David Probert has plenty of faith in Tip Two Win
17 Jun 2018
The QIPCO 2000 Guineas runner-up features among a field of ten for the St James's Palace Stakes.
David Probert believes Tip Two Win has the attributes needed to win the St James’s Palace Stakes (4.20) at Royal Ascot on Tuesday and in the process provide himself, trainer Roger Teal and proud owner Anne Cowley with a landmark victory.
Neither jockey, trainer or owner have had a domestic Group 1 success but Tip Two Win came close to hitting the jackpot for them when finishing runner-up to Saxon Warrior in the QIPCO 2000 Guineas at Newmarket last month after being sent off at 50/1.
The form is proving strong with Masar, who was third, subsequently winning the Investec Derby, and Roaring Wild, who was fifth, being the easy winner of the Dante Stakes next time before himself finishing third in the premier Epsom Classic.
“He’s not a very big horse but he’s got a big heart and a big stride and he goes there in very good order,” Probert said ahead of a race that forms part of the Mile Category of the QIPCO British Champions Series. “We’ve got experience on our side, he travels good and he’s a got a good turn of foot.
A fantastic performance from SAXON WARRIOR who wins the QIPCO 2000 Guineas and takes his unbeaten record to four. It was also Aidan O'Brien's ninth success in the race! 👏 pic.twitter.com/fd2LHUGXgpeeytwuvewsudzszdrerdbbeuwczactefcaea
— Champions Series (@ChampionsSeries) May 5, 2018
“I’ve never really sat on a horse that it is so hard to get to the bottom of. Whenever you go past the line you think ‘he’ll give me more if I ask him’. He responded well at Newmarket – we just came up against a very good winner, plus the dips and ridges probably caught us out. We are not going to get that at Ascot and the track there will suit him.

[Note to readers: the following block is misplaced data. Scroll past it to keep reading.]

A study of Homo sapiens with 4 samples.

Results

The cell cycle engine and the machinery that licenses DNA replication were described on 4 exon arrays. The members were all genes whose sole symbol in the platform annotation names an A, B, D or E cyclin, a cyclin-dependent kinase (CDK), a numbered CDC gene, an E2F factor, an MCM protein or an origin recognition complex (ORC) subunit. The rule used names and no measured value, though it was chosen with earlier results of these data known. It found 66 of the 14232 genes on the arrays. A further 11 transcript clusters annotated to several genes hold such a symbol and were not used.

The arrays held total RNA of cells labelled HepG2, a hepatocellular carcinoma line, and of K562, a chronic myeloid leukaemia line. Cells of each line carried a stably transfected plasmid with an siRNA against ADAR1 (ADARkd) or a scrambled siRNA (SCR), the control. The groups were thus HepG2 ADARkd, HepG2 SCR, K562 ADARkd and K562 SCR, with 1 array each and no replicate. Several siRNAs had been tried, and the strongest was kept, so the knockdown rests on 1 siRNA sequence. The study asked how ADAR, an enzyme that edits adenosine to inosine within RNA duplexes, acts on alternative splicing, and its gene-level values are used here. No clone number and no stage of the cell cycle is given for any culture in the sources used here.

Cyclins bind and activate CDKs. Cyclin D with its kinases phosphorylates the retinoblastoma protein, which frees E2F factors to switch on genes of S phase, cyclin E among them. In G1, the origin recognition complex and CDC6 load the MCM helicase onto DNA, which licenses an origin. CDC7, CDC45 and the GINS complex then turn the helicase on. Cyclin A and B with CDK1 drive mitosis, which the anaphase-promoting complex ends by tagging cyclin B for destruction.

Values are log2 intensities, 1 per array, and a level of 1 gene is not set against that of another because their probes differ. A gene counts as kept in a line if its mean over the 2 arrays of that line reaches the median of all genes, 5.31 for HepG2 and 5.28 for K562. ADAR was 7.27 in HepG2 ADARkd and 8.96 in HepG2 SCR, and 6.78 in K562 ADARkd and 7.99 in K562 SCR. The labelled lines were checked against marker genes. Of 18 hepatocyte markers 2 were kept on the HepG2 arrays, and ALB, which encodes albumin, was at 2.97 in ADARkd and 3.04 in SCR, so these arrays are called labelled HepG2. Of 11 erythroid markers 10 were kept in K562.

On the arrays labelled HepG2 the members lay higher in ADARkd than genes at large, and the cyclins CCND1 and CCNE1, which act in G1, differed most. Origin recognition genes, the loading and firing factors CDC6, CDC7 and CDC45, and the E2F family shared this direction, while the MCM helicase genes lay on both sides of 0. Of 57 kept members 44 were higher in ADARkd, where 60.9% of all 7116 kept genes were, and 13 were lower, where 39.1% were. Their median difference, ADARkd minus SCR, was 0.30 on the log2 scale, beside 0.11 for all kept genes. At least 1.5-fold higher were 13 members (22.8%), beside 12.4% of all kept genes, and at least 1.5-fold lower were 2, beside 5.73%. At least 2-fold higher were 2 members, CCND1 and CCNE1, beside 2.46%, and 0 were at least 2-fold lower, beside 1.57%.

“As a two-year-old he was pretty exciting but he’s come on in leaps and bounds over the winter. He’s matured mentally and, while he’s not biggest, he’s filled out in his neck and in his quarters. He feels like the horse he should be with more improvement to come.”
Probert, 29, grew up in Bargoed, a small Welsh town in the Rhymney Valley. He shared the apprentices’ title with William Buick in 2008 but is yet to win a QIPCO British Champions Series race. His sole Royal Ascot triumph came in 2014 aboard Born In Bombay in the Britannia Stakes.
“It’s hard to get these rides in the top races and when opportunities like this come along you have to make as few mistakes as possible and think about the positives, rather than the negatives.
“We’ve got a lot of people backing us and Tip Two Win is pretty popular – I noticed the other day he now even has his own Facebook page. If he can get his head in front and a Group 1 under belt it will be a big achievement for me, Roger and all his team, who would deserve it.”
Without Parole is the one runner in the line-up with an unblemished record and is the rival Probert fears most, although the John Gosden-trained Frankel colt had to dig deep to repel Gabr, who reopposes, in the Matchbook-sponsored Heron Stakes at Sandown last month.
In the past 50 years, a dozen Tattersalls Irish 2000 Guineas winners have gone on to win the St James’s Palace Stakes and Romanised, trained by Ken Condon, seeks to add his name to the list after his decisive defeat of U S Navy Flag and Gustav Klimt, both trained by Aidan O’Brien, at the Curragh.
O’Brien has won the £500,000 feature, which forms part of the Mile division of the QIPCO British Champions Series, on seven occasions via Giant’s Causeway (2000), Black Minnaloushe (2001), Rock of Gibraltar (2002), Excellent Art (2007), Henrythenavigator (2008), Mastercraftsman (2009) and Gleneagles (2015).
Henri-Alex Pantall’s Wootton, who surrendered his unbeaten record when fourth in the Poule D’Essai Des Poulains (French 2000 Guineas), will fly the flag for France, while Chilean has been supplemented, having not seemed to quite last home when fourth in the Bet365 Classic Trial on soft ground at Sandown last time. Kings Shield and Threeandfourpence complete the ten-runner line-up.